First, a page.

A caregiver role may present itself to you gradually - by slowly helping your loved one more and more until you realize that you are filling the role of a caregiver. Or, the role may occur overnight, due to an abrupt change in your senior loved one's health - such as from a stroke or accident. If you find yourself in this role, or anticipate this may be something you'll take on in the future, here are some of the main responsibilities that you can expect:
Assisting with Daily Needs - It's common for seniors to need assistance with grooming and personal hygiene tasks such as bathing, helping transport them to and from the bathroom or shower, combing their hair and getting dressed. This can be a sensitive topic for many seniors, so approaching these tasks with patience and kindness is key.
Housekeeping - Chores around the house can become difficult for seniors to complete, including cleaning, laundry, cutting the grass and gardening. You may also want to prepare your senior loved one's home when the seasons change by making sure the outside water sources are turned off in the winter, the screens are put back in the windows in the spring, and so on. Keep in mind you can always ask for help with certain tasks that you do not feel comfortable completing yourself.
Transporting - One responsibility a senior caregiver usually takes on is the task of transporting their loved one to and from doctors' appointments and other errands. If transportation isn't something you're capable of providing, there are other means of providing this service for your loved one, such as free transit programs.
Planning and Preparing Meals - If your senior loved one isn't able to safely prepare meals for themselves, this may be something you would take on. This could include grocery shopping, meal preparation, cooking and ensuring your loved one receives the right nutrition for their specific needs.
Managing Medications - One important role of a caregiver is often to make sure your loved one has the right medications and is taking them at the right times. This may include picking up prescriptions from the pharmacy and organizing your loved one's medicine with a medicine dispenser.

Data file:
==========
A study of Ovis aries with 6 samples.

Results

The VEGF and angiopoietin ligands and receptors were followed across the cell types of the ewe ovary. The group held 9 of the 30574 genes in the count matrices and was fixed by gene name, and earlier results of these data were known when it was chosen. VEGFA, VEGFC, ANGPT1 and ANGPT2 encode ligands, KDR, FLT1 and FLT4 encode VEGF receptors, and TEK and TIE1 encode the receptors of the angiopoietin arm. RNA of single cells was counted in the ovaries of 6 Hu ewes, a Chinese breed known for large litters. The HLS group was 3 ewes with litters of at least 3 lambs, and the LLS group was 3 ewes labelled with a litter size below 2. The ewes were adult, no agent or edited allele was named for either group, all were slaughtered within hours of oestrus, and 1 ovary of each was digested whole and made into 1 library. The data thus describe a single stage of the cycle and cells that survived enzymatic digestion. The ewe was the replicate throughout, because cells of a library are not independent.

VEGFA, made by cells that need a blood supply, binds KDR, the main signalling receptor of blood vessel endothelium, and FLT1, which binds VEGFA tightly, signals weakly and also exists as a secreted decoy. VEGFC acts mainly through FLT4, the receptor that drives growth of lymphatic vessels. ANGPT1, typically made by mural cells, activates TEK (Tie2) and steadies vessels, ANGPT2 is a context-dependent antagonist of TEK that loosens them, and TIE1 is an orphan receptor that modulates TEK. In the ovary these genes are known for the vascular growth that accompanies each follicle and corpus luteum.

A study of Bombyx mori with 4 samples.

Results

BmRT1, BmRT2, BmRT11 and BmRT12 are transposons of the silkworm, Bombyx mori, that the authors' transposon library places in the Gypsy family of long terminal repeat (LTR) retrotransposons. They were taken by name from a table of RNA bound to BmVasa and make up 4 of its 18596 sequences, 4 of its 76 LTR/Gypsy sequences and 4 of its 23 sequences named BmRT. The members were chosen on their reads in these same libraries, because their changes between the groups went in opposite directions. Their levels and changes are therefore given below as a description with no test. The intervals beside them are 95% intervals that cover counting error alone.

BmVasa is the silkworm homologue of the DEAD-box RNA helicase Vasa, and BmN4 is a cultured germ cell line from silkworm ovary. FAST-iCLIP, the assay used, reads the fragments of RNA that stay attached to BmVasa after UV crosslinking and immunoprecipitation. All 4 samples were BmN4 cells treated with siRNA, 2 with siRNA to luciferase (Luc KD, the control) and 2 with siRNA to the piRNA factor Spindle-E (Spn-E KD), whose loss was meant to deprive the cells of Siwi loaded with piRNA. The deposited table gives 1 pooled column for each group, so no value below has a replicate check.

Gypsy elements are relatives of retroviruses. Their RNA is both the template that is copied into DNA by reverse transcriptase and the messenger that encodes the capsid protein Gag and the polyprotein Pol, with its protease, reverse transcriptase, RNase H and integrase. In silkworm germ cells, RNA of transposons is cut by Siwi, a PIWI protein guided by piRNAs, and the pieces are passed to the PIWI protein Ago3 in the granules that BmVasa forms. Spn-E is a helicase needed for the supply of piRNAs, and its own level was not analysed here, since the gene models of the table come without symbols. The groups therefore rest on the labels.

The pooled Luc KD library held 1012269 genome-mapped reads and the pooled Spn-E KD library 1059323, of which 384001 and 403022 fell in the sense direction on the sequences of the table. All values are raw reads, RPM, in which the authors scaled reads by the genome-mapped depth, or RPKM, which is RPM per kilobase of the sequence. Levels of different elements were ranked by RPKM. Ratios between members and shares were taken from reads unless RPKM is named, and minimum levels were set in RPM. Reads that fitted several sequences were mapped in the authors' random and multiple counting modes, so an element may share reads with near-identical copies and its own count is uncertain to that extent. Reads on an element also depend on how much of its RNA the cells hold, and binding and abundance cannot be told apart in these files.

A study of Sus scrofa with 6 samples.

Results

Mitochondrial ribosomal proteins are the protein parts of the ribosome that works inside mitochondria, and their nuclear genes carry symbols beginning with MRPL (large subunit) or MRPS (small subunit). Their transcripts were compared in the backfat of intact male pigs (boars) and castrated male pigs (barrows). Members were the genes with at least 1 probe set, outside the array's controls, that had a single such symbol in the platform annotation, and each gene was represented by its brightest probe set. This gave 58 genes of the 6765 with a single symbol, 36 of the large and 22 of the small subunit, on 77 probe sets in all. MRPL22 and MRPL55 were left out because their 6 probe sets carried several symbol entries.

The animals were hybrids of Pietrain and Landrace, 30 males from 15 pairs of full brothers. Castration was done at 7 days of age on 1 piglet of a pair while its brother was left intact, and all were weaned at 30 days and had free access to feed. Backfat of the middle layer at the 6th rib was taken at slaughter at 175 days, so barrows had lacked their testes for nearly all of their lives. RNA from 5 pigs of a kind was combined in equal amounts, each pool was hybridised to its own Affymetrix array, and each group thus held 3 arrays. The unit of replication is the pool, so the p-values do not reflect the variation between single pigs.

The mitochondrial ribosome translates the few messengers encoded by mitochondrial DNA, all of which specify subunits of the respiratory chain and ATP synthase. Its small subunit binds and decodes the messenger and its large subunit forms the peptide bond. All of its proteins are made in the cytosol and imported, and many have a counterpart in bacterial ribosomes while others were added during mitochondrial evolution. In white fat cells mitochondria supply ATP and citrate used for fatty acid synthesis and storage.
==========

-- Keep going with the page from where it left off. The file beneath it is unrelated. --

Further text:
Monitoring Health - Keeping an eye on your loved one's overall health is an important part of caring for them. If you see a decline or change in your loved one's health, making sure they see a doctor is vital.
Handling Finances - If your loved one is in need of a caregiver, they will likely need assistance with their finances. Some examples might be paying their bills and handling their taxes each year.
Being a Companion - Among all of the tasks that are included in a caregiver's role, one is especially important: the task of companionship. It's important for your senior loved one to spend quality time with you and/or others. You can do this by sharing a meal or cup of coffee together, playing a game or even just listening to music together. You can also arrange for others that you trust to stop by and visit with your senior loved one.
Asking for Help - Last, but certainly not least, is the responsibility to ask for help when you need it. While the role can be rewarding, caregiving can be demanding and stressful at times, and you need to be prepared to ask others for help when you need a break or need help completing a task. It's important to remember that caring for yourself enables you to be the best caregiver for your senior loved one.
As you can see, the role of a family caregiver can be vital for seniors who need the help. If you're a new caregiver and aren't sure where to begin, take a look at our caregiver checklist with advice to help get you started in your caregiver journey. Also, check out these tools to help caregivers.
Do you have questions about Concordia or are interested in how we can help you and your loved one? If so, please contact us any time via our online contact form or by calling our administrative headquarters at 724-352-1571. Or, visit the care levels & services page of our website to learn about the types of care we offer, including In-Home Care, Memory Care, Long-Term Nursing Care, Adult Day Services, Hospice Care and more.